Alternatives to the BI+FT

Various parties (the LibDems, UKIP and BNP, at least) argue for an increase in the income-tax personal allowance to address the same issue that we aim to address with the BI+FT. The LibDems, for instance, propose to increase the personal allowance from its current £6,500 (or so) to £10,000, so you only pay tax on taxable income of over £10,000.

A higher personal allowance would be a positive move, though an expensive one (the LibDems acknowledge that it would cost around £17bn/year, which will therefore either require higher taxes, balancing cuts, or a further exacerbation of our massive deficit). There is no Laffer-Curve benefit (of increased revenues due to increased compliance), because the beneficiaries would be paying a rate of 0%, which yields no revenue.

A personal allowance of £10,000 would reduce the amount of effective income tax that everyone pays. Those earning between around £6,000 and £43,000 would take home roughly £700/year more. This then increases to around £1,400/year for those earning over £48,000 (roughly).

Disincentive to work not much reduced

However, the effect on the marginal effective rate (MER) of tax is less significant. To recap, the MER is the additional amount of income that someone has to spend for each additional pound that they earn. It is affected not only by the tax paid, but also by withdrawal of means-tested benefits, which effectively act as a tax. It is the most significant factor in the incentive to work (if you don't keep much of any extra that you earn, why would you bother doing more work?).

Under our current system, the MER is 70% or higher for many low-to-middle earners. So for each extra pound paid to many people earning between (roughly) £6,000 and £40,000, they keep only 30 pence.

A higher personal allowance has little impact on this MER. The biggest factors in such a high MER are the basic rate of income tax (20%), the basic rate of employees' National Insurance (11%) and the rate of withdrawal of significant means-tested benefits, such as Tax Credits and the Pension Credit (39-40%). The combination adds up to around 70%. Some benefits (e.g. Jobseekers Allowance) are even withdrawn at 100% (i.e. they take away a pound of benefit for each pound of additional earnings), so that someone taking a job gains absolutely no income from doing so. Our proposals would eliminate these major disincentives. None of the parties who have proposed a higher personal allowance, or indeed any other mainstream party, has proposed any significant way to reduce the MER, and therefore to reduce the massive disincentives to work in our economy.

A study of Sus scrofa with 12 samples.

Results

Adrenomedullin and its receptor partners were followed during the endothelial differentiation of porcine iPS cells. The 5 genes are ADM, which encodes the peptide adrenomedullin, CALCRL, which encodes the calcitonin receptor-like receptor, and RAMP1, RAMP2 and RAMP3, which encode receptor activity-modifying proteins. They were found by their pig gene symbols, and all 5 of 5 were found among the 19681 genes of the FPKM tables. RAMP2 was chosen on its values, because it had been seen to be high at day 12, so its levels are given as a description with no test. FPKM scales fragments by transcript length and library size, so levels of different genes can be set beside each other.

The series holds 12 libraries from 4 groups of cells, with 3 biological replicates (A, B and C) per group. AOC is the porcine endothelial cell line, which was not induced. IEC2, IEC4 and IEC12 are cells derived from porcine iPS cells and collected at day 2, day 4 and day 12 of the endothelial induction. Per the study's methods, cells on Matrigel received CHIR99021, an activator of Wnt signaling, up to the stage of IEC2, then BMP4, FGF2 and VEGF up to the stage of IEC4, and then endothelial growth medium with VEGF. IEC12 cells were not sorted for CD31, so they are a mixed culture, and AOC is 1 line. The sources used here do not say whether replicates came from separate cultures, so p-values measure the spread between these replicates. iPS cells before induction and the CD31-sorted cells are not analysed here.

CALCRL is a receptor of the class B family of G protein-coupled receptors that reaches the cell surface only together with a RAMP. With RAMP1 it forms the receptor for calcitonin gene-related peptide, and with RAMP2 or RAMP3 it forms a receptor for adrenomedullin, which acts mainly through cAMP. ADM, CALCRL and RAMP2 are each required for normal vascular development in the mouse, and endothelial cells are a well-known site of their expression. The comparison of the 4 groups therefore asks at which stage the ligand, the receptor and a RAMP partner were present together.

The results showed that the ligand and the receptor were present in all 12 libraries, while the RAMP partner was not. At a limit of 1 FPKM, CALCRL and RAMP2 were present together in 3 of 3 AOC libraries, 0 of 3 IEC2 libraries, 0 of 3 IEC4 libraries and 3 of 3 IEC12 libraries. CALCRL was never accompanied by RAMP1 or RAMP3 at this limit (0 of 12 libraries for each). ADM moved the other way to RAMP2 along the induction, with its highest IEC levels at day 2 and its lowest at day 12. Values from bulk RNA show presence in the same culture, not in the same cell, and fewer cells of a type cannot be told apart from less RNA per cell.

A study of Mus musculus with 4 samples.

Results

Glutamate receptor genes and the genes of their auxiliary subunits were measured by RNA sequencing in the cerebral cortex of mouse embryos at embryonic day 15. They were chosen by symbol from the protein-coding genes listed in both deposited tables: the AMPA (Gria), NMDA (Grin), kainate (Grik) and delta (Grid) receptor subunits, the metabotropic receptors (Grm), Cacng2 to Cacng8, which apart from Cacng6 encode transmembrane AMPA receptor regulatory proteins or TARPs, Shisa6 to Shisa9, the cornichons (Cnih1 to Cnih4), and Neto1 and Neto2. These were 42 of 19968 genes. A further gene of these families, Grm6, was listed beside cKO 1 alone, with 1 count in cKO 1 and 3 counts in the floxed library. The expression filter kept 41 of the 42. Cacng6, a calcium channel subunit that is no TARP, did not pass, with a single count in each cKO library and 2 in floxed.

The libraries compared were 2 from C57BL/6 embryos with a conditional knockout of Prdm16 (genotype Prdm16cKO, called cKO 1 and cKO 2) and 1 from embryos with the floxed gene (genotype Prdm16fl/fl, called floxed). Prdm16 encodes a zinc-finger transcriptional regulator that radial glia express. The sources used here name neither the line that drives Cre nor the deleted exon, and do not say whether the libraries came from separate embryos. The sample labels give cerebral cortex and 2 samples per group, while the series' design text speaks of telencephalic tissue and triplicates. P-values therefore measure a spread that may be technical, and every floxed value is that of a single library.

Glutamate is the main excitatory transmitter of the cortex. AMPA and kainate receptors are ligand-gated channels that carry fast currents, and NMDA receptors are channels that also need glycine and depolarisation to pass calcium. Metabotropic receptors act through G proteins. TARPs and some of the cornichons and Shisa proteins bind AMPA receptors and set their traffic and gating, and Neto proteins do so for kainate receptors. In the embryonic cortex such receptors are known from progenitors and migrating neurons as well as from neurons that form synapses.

These disincentives are a primary reason why it is not practical for British citizens to take low-paying and seasonal jobs, forcing employers to turn to immigrants, and increasing social tensions. BI+FT (+ abolition of the minimum wage) would directly address the reasons that resentment against immigrants is brewing. No other party (including the BNP) acknowledges, let alone addresses this problem. We are the only party with a practical proposal that will get British people back into work without spurious promises on training, job-creation, and immigration controls.

Carers and stay-at-home parents penalised

A high personal allowance also has another unintended consequence. The personal allowance is the main cause of the unequal tax treatment of stay-at-home parents and carers. In households with two or more adults, if each adult works, each person can make use of their personal allowance. If one or more adult does not work, the benefit of the personal allowance is lost. Increasing the personal allowance only increases the penalisation of those households where an adult stays at home to care for children or disabled relatives.

For example, consider two households: A where both adults go out to work for £25,000/year, and B where one adult goes out to work for £50,000 per year, while the other stays at home to look after dependants. The households' combined earnings are the same: £50,000/year. But, with a personal allowance of £10,000, household A will only pay £6,000/year of tax, whereas household B will pay around £8,500 of tax. This is a strong disincentive for people to look after their own dependants.

Under the BI+FT, both households would pay exactly the same amount of tax. It would be a purely personal decision, unaffected by perverse incentives created by well-intentioned but misconceived government interventions.